All the talk is of an Internet bubble - and there is even talk of a bubble in discussion groups talking about the bubble. But could Groupon's big staff really be the thing that makes it worth the money?
According to filings with the US Security and Exchange Commission, the sum it hopes to raise with its IPO is a much more modest $750 million.
But just as LinkedIn's estimated value before its IPO last month was just $3.3 billion - and the value of the shares actually on offer was just $700 million on Day One - the company finished being worth $10 billion in 48 hours as punters rushed in.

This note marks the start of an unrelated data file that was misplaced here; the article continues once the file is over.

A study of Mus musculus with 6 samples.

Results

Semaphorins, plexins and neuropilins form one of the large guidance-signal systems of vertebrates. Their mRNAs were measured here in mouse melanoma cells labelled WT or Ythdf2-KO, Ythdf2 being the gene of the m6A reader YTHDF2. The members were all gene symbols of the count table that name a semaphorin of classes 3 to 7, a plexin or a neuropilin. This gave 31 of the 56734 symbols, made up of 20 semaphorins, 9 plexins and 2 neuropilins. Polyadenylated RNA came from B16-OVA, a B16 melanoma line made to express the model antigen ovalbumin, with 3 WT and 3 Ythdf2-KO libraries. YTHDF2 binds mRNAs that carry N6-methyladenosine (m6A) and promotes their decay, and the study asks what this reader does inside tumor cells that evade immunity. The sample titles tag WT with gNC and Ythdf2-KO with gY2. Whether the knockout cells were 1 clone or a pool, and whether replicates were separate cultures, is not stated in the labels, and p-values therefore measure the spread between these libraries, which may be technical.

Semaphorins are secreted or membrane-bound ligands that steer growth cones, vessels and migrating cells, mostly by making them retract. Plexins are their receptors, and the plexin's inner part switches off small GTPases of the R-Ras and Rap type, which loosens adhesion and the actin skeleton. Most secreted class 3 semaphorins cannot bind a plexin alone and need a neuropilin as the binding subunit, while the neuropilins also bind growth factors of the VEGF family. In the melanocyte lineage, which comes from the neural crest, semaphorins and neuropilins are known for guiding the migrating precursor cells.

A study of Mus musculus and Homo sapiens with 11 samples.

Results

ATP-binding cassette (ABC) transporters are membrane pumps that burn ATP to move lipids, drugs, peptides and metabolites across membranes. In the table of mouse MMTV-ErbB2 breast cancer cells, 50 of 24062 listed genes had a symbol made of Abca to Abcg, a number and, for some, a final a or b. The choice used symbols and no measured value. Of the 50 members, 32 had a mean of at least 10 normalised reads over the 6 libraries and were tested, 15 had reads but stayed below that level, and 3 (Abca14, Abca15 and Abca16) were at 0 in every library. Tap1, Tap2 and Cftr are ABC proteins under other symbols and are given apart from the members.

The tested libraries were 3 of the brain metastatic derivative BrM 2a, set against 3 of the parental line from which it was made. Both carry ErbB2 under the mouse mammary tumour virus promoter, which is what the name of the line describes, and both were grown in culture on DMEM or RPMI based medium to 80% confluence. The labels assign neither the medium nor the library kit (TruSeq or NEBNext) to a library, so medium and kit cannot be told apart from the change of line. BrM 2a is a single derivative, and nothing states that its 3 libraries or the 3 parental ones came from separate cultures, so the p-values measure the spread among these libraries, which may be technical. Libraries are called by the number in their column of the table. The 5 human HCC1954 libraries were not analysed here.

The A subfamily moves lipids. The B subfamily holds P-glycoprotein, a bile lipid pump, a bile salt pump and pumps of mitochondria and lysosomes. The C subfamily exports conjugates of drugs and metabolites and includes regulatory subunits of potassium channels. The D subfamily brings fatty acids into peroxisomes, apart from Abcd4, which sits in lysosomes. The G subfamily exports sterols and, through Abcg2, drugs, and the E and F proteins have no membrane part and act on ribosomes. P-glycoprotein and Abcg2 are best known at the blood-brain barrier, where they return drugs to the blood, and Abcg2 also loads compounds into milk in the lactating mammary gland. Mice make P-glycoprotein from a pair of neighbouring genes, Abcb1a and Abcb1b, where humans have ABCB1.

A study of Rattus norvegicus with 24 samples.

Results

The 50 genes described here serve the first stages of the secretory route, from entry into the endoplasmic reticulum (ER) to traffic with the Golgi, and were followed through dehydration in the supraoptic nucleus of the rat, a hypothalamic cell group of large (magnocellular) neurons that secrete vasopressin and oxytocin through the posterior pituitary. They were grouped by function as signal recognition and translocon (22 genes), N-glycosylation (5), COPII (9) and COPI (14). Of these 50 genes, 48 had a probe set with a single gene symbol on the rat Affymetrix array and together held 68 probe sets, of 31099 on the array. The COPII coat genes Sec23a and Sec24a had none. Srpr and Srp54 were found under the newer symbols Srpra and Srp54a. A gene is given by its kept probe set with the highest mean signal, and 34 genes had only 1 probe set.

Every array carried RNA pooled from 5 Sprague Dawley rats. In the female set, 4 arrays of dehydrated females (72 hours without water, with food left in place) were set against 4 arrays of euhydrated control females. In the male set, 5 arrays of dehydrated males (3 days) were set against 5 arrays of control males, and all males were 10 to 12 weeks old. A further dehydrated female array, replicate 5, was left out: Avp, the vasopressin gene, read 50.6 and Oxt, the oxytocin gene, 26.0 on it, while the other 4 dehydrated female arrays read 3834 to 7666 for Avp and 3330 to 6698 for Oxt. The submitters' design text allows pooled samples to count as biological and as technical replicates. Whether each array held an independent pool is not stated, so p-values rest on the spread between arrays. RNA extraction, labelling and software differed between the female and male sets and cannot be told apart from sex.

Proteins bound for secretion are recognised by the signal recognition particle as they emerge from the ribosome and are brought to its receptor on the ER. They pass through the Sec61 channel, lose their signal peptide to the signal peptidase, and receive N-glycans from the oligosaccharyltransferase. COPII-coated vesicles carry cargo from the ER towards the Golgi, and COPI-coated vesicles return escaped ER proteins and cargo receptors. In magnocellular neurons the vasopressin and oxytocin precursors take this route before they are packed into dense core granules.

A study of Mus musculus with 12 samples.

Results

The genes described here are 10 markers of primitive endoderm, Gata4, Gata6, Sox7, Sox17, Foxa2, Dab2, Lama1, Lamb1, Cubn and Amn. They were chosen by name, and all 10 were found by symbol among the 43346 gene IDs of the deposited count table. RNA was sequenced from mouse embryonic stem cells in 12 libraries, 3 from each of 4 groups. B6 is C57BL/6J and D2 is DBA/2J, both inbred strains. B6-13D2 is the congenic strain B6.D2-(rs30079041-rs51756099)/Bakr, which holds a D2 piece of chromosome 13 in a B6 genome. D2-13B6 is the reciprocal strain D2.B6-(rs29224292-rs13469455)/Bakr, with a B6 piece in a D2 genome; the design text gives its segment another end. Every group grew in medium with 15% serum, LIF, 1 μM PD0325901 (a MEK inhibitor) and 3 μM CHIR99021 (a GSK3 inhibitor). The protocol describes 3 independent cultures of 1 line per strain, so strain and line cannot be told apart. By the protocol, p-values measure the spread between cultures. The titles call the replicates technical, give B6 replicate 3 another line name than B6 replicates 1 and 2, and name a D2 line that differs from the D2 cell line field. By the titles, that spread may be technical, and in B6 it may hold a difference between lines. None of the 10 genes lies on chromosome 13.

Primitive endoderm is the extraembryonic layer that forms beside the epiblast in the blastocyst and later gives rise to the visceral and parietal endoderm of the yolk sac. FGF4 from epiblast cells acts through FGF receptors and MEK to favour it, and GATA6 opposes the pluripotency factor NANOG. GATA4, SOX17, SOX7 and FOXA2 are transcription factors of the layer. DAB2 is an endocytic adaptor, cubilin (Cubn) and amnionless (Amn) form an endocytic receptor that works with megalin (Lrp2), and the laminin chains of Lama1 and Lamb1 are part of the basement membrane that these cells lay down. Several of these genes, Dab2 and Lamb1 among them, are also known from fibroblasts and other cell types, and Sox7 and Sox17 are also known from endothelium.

So that's why the hopes are so high for Groupon, although it actually lost $389.6 million in 2010. Can Groupon really be worth up to $20 billion? On the plus side, between 2009 and 2010, its revenues increased by 2,241 percent, to $713 million and that figure could quadruple this year. Revenue of $646 million in coupon sales was reported in the first quarter, although overall Groupon lost $117million. Despite last year's loss, "revenue is growing at a steady clip, however, well up from the year-prior period," said AdAge on an optimistic note. One of the question marks over Groupon is that it is a relatively easy idea to copy - and plenty of people have been doing just that. Apart from standalone businesses ( such as Living Social) newspapers and biggies like Google, Amazon and Facebook have piled in with their own daily deals, offering cut-rate specials on behalf of local merchants. But national deals are also working for Groupon: the company turned $11 million in a single day selling 400,000 coupons for the Gap. Three years ago the category barely existed, says AdAge. Now it is estimated the deals market will reach $3.9 billion in the US by 2015. And it's not just the US. From its Chicago base, Groupon has expanded worldwide, sending email deals to 83 million subscribers in 43 countries including the UK. So what makes Groupon different from the rest in the high tech business? Oddly it's that old-fashioned thing, a large and enthusiastic work force. Facebook had fewer than 100 employees at its two-year mark and today still has only 2,000. At 30 months old, Groupon has more than 7,000 employees, up from more than 5,000 in just March. So could the visiting sales person, calling on local businesses, make Groupon a much better bet than the rest - and worth that $20 billion? Ask us in a year's time.